One rainy Seattle afternoon, I decided that I would invest in some symphony tickets. I got a little carried away and maybe ordered a few more than I initially intended, but I usually don’t struggle with talking myself into purchases.
Yesterday marked the first concert that I had bought tickets to. It was a welcome treat after working a 19 day stint. I feel one should dress up at least a little bit for the symphony, so I pulled myself out of my sweatpants from my Project Runway marathon, put on some makeup, threw on a dress with some killer shoes and called it a day.
I was proud of how I pulled myself together so quickly, though I always feel weird going to something so seemingly classy.
I’m not the classiest of ladies. I tend to feel awkward and uncomfortable in respectable situations as I tend to say whatever comes into my brain and swear like a sailor. So it may seem out of sorts that I actually love going to the symphony.
I got gussied up and walked toward the bus stop, because even though I bought symphony tickets, I still take the bus as much as humanly possible to save extra cash here and there.
There is a gate at the side entrance of my apartment that I usually take because it’s closer to my individual unit. They’ve decided to build a bar underneath my apartment complex, so they have also added a Porta Potty right beside my little back entrance for the construction workers. While it is an eyesore, I know it’s temporary, and all part of living in an area of the city that is being built up.
So I slammed the gate behind me to make sure it locked, when suddenly a gust of wind picked up, disheveling me and my oh-so-put-together look. I smoothed down my skirt as I rounded the Port-O-Let corner to make sure my guise as a classy woman wasn’t immediately given up by flashing everyone on the street three seconds after walking out the door.
I turned the corner and nearly ran into a man who looked rough, with scabs all over his face and ripped clothing. I jumped into the air, apologizing for almost knocking him down, and adrenaline coursing through me because of nearly running into someone who looked mildly terrifying.
He apologized, and then looked at me, saying, “Wait, is that toilet for everyone? Is this open to the public? Sweet!”
I looked around frantically, praying that someone would magically appear in front of him. Surely he wasn’t asking dress-wearing, symphony-going me about the status of the toilet? Was it because I smoothed down my skirt he thought I came out of the bathroom?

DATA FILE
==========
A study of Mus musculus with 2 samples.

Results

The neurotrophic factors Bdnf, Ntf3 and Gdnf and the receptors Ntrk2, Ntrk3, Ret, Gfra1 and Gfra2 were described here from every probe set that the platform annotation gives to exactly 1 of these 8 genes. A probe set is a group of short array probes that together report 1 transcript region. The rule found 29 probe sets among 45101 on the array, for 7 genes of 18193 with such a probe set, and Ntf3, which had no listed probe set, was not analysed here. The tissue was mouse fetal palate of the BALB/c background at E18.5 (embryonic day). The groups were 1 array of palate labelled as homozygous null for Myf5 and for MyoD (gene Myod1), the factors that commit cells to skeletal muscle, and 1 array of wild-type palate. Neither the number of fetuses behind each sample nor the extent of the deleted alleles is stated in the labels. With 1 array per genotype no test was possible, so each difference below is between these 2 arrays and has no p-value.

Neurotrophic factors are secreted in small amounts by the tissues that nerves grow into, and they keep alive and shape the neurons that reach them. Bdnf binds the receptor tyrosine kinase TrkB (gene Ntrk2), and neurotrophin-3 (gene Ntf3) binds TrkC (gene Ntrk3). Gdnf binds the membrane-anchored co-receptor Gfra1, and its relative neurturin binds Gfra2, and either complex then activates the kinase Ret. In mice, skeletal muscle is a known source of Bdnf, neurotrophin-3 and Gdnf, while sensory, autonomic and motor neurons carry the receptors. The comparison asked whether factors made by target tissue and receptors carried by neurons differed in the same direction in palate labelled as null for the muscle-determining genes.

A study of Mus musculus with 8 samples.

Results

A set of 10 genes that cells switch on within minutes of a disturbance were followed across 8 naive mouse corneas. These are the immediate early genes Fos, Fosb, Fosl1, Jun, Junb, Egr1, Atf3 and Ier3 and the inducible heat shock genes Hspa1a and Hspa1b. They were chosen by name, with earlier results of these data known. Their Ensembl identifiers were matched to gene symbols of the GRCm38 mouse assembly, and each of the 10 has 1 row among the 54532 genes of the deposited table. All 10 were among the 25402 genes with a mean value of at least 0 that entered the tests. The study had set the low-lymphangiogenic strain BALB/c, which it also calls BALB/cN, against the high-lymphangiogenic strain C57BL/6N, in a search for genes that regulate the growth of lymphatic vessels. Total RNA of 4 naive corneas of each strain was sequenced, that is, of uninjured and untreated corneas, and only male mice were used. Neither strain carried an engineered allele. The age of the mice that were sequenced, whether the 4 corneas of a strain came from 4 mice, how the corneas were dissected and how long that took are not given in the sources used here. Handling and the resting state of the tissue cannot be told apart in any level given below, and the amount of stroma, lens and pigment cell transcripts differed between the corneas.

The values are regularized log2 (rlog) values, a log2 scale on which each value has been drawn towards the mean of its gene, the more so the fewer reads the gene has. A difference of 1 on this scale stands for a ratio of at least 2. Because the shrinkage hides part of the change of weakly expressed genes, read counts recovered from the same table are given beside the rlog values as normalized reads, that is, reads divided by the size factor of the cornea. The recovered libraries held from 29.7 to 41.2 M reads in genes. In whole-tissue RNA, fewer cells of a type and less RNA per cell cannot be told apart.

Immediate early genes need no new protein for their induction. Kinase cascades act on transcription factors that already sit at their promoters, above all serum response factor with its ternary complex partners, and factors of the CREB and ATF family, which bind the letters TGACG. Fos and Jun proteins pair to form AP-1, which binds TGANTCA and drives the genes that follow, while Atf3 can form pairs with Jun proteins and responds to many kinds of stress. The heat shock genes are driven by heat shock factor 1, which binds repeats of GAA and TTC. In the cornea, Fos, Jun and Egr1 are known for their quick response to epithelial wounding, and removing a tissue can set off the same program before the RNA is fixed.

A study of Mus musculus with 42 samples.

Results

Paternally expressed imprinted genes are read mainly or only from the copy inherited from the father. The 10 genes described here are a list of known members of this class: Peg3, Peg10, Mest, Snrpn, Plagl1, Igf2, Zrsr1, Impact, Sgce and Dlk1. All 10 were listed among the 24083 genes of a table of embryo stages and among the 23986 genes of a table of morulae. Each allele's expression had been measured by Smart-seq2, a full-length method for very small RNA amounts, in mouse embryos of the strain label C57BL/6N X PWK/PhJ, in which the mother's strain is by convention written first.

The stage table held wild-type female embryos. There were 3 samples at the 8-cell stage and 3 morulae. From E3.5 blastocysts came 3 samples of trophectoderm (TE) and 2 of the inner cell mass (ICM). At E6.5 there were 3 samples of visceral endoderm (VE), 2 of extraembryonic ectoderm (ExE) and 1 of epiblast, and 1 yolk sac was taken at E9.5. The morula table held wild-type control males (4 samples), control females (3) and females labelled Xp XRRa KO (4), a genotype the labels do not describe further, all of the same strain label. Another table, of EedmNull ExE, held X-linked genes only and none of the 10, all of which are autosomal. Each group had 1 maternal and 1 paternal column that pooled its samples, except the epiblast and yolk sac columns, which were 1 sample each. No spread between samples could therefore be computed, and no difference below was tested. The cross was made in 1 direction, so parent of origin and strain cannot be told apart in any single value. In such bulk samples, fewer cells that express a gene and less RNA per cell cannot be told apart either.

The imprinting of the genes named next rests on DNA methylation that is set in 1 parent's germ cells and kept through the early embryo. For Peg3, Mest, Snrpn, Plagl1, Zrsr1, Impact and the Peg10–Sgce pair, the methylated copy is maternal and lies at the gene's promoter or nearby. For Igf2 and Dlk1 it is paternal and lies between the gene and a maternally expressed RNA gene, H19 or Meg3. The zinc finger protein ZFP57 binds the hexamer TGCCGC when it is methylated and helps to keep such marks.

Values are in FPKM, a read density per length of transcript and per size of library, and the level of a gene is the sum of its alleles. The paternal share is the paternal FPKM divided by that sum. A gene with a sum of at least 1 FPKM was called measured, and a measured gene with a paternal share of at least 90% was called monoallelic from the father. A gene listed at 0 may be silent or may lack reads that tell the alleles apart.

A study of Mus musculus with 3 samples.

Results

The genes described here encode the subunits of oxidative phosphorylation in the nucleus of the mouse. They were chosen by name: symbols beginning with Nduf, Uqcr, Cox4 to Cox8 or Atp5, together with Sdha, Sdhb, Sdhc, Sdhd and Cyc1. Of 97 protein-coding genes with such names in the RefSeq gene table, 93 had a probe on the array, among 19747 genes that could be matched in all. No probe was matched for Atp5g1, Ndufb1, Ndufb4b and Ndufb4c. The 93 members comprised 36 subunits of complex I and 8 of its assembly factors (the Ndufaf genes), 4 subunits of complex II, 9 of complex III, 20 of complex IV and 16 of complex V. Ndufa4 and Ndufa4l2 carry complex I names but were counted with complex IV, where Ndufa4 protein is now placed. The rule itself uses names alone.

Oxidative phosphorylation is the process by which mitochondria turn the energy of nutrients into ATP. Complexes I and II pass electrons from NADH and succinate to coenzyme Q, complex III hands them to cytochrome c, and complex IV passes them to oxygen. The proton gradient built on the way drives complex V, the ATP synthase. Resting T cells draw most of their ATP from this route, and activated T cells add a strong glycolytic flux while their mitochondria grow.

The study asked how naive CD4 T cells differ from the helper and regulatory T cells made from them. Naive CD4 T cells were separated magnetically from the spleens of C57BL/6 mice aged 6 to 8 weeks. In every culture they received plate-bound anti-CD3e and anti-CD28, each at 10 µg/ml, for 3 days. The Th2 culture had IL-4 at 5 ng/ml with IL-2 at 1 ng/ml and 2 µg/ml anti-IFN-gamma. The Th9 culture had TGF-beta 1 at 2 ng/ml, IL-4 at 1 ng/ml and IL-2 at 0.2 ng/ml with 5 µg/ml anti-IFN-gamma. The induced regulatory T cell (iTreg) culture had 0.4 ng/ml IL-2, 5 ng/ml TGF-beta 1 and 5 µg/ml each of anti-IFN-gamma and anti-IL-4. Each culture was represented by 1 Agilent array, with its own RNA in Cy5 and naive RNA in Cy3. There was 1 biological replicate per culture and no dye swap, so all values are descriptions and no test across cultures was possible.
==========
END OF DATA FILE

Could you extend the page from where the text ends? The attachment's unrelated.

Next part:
I shook my head in disappointment as the transient ran with excitement into the freestanding toilet, thinking “This is why you don’t do nice things…even transients think that you, all dressed up and wearing a full face of makeup, were coming out of the Porta Potty rather than the apartment building behind it.”
I sat on the bus, sighing to myself as I wondered if the gentleman in front of me had just shit his pants or let a ripe fart get away from him. I was perhaps not intended for nice things at all. I should have just stayed at home in my sweats binge watching tv. That was where I belonged.
I got off of the bus and hopped in line to pick up my tickets, hoping I didn’t smell like bus and transient. When it was my turn to grab my tickets, I sheepishly spelled my last name a second time as she scavenged the box again for me as the “Lauck” tickets seemed to have been displaced. I started to panic, thinking this was a typical end to a ridiculous string of events, and I felt the pressure of the growing line behind me getting ready to call me out as an impostor.
That’s when she checked a different folder and pulled out a fancy envelope and said, “Oh here you are, a season ticket holder,” with a huge smile, then proceeded to thank me.
I wondered as she handed me a huge envelope if she had misunderstood the spelling of my name. I looked down only to see my name printed on the front. Apparently I had bought so many tickets in my moment of boredom, I had secured myself a place as a “season ticket holder” for the symphony.
I smiled as I walked toward entrance, where the woman scanned my ticket and it beeped at her. She said that I needed to stop at the table in the corner before going into the venue. I sighed. I knew that it was too good to be true. I walked up and the woman greeted me by name, thanked me for being a member, and gave me free drink vouchers.
I couldn’t believe I had accidentally secured a place as a Seattle Symphony season ticket holder and was getting all of the perks as well. It was my Cinderella moment it seemed, where suddenly I fit into the symphony. After all, I do know a bit about classical music myself, and I was dressed the part as well.
I took my seat, watched a fantastic performance of Berlioz, Sibelius (a violin melody so poignantly executed at the beginning that quieted the audience to a point you could hear a pin drop and gave me chills), and Tchaikovsky’s Fifth Symphony.
I walked out the door and ran to the bus before it took off without me. I left with a full heart and feeling that perhaps it’s possible for me to exist in this world of nice things in small doses. There will always be transients waiting to strike up conversations with me once I exit the world of classy things and step back out into the real world. But it’s nice to get to go to the ball every once in a while.